WASHINGTON, D.C. — The United States has officially notified Turkey that it has been removed from the F-35 advanced jet fighter program following the latter’s refusal to forgo the Russian-made S-400 air defense system. The U.S. and other NATO countries consider the integration of the S-400 air defense system a serious security threat to the NATO air assets, including the F-35.
It was reported earlier this year that Ankara-based defense company SSTEK Savunma Sanayi Teknolojiler (Defense Industry Technologies) has hired Washington, D.C.-based lobbying firm Arnold & Porter for a six month period at a cost of $750,000 for strategic advice and outreach to U.S. commercial partners and stakeholders in the F-35 program, likely seeking to be readmitted to the program.
Those efforts seem to have failed.
Jessica R. Maxwell, spokesperson for the U.S. Department of Defense tells Ahval that, “Our position has not changed. The S-400 is incompatible with F-35 and Turkey has been suspended from the program. We continue to move forward with process of formally removing Turkey from F-35 partnership, as announced in July 2019.”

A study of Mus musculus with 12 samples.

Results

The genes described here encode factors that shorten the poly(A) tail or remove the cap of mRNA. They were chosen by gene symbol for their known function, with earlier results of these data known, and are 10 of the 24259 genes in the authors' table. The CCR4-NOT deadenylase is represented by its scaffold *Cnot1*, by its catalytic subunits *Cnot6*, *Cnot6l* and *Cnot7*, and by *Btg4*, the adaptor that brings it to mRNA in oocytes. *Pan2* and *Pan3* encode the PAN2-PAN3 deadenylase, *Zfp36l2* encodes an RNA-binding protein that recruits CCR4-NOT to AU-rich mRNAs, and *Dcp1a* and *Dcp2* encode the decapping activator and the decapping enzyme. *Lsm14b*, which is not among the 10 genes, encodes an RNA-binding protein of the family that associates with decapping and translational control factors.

The Memorandum of Understanding (MOU) signed in 2006 has since been scraped by Washington, and a new MOU has been signed by the remaining eight f-35 program partners: The United States, United Kingdom, Italy, the Netherlands, Canada, Australia, Norway, and Denmark.
Turkey had been planning to buy 100 F-35s, but the United States has refused to deliver the four completed jets after its suspension from the program.
Last July, the U.S. Department of Defense announced that the U.S. Air Force would purchase eight modern F-35 jet fighters originally intended to be delivered to Turkey.